Genetic Testing Decisions In Newly Diagnosed Ashkenazi Women

Understanding Decision Making Processes for Undergoing Genetic Testing Among Women With Newly Diagnosed Breast Cancer (NCT01386411)

Summary

Women who are diagnosed with breast cancer at a young age and/or who are of Ashkenazi Jewish descent are more likely to carry the BRCA1 or BRCA2 genetic mutation that increases risk for breast and ovarian cancer. Genetic testing for the BRCA1/2 mutation can help women make decisions about their breast cancer treatment. The purpose of this trial is to see whether women prefer having genetic testing before or after their breast cancer surgery. The study will also look at how women feel about their decision at a later date. To be eligible for this trial, participants must be 18 – 50 years old at diagnosis, be of Ashkenazi Jewish descent, and be planning to undergo breast surgery as part of their treatment.

Breast Cancer in Young Women

Identification of Novel Genetic Risk Factors That Contribute to the Risk for Breast Cancer (NCT00276120)

Summary

Breast cancer is the leading cause of cancer deaths in women 20-39 years of age. The goal of this trial is to identify the genetic factors that distinguish breast cancer in younger women compared to older women. The researchers hope that identifying these genetic factors will lead to new treatments for younger women who have been diagnosed with breast cancer or who are at high-risk for developing the disease. All women who were diagnosed with breast cancer at age 40 or younger (regardless of current age) are eligible to participate. Because all study-related materials will be mailed, participants can live anywhere in the U.S.

  • Participation TimeBlood sample and questionnaire by mail
  • No Visits Required for this TrialNo travel required 

Sexual and Reproductive Health Study

Longitudinal Sexual and Reproductive Health Study of Women With Breast Cancer and Lymphoma (NCT01788839)

Summary

Cancer and its treatment may affect sexual and reproductive health. To help researchers learn more about the problems women face, participants in this study will complete questionnaires on sexuality and pregnancy before, during, and after cancer treatment. The information will be used to help doctors identify which women are most likely to have early menopause or develop sexual problems during cancer therapy, or have difficulty getting pregnant after cancer treatment. To be eligible for this study a woman must be age 50 or younger, newly diagnosed with breast cancer, and planning on having, or within one month of starting, chemotherapy.

The Young Women's Breast Cancer Study

Helping Ourselves, Helping Others: The Young Women's Breast Cancer Study (NCT01468246)

Summary

Young women with breast cancer have unique needs and concerns. The goal of this study is to follow a large group of young women with breast cancer over time to learn more about the types of tumors they develop, the treatments they have, the side effects they experience, and the psychosocial concerns they face. The researchers are also interested in seeing if there is a relationship between tumor biology and patient outcome. To be eligible, participants must have been diagnosed with breast cancer at age 40 or younger.

Measuring Breast Density in Premenopausal Breast Cancer Patients on Tamoxifen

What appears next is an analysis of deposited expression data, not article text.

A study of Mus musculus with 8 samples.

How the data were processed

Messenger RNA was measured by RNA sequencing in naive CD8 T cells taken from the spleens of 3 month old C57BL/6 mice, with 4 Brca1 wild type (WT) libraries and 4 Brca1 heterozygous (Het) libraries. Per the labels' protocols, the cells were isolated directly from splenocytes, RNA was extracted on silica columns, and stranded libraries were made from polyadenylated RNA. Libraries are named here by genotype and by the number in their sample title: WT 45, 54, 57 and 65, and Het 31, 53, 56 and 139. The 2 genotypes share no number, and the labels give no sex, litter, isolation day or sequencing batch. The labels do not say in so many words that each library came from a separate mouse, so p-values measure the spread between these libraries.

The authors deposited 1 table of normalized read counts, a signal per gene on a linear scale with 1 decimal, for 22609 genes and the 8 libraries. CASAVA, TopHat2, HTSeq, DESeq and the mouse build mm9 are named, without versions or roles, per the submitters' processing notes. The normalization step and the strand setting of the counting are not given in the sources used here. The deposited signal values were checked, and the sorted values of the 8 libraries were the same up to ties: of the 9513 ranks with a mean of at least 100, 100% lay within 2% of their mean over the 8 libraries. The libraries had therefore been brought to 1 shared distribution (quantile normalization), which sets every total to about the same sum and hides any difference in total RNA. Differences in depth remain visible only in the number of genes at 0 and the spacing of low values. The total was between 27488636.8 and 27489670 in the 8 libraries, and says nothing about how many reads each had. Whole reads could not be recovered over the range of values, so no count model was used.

Development of a Quantitative Tissue Optical Index of Breast Density (NCT01773551)

Summary

Some studies have suggested that premenopausal breast cancer patients whose breasts become less dense (as measured by a mammogram) while they are on tamoxifen are less likely to have a recurrence than women on tamoxifen whose breast density does not change. Researchers have developed a new tool called diffuse optical spectroscopic imaging that uses light to measure tissue thickness. This study is looking at whether this new tool can be used to measure changes in breast density. To be eligible, a woman must be premenopausal and taking tamoxifen to treat stage I - III breast cancer.

Ovarian Function After DCIS and Breast Cancer

Predictors of Ovarian Insufficiency Through Serial Exams in Young Breast Cancer Patients (POISE Study) (NCT01197456)

Summary

Premenopausal women may face issues related to having children as they undergo breast cancer care, and these concerns may influence their treatment choices. Tools that can accurately predict how treatment may affect ovarian function could help women and their doctors make choices that take into account the potential impact on fertility. The goal of this study is to identify pre-chemotherapy hormonal, genetic, and ovarian imaging markers that can predict whether a woman's ovaries are likely to continue to function at the end of her cancer treatments. Participants will be followed from the time of diagnosis to five years after treatment.

Immune System Response to Breast Cancer in Women Under Age 50

A Translational Study of the Interactions Between Prior Pregnancy and the Biologic Subtype of Breast Cancer in Defining the Cancer: Host Immunologic Interaction (NCT01503190)

Summary

Researchers are interested in learning more about the role the immune system plays in cancer. This study is looking specifically at the immune system in women with breast cancer who are under age 50. The researchers will look to see if differences in their immune system correspond to different types of tumors including tumors that develop during or after a pregnancy. The investigators may go on to use some of the breast cancer tissue collected in this study to create models that could be used to develop and test new drug treatments.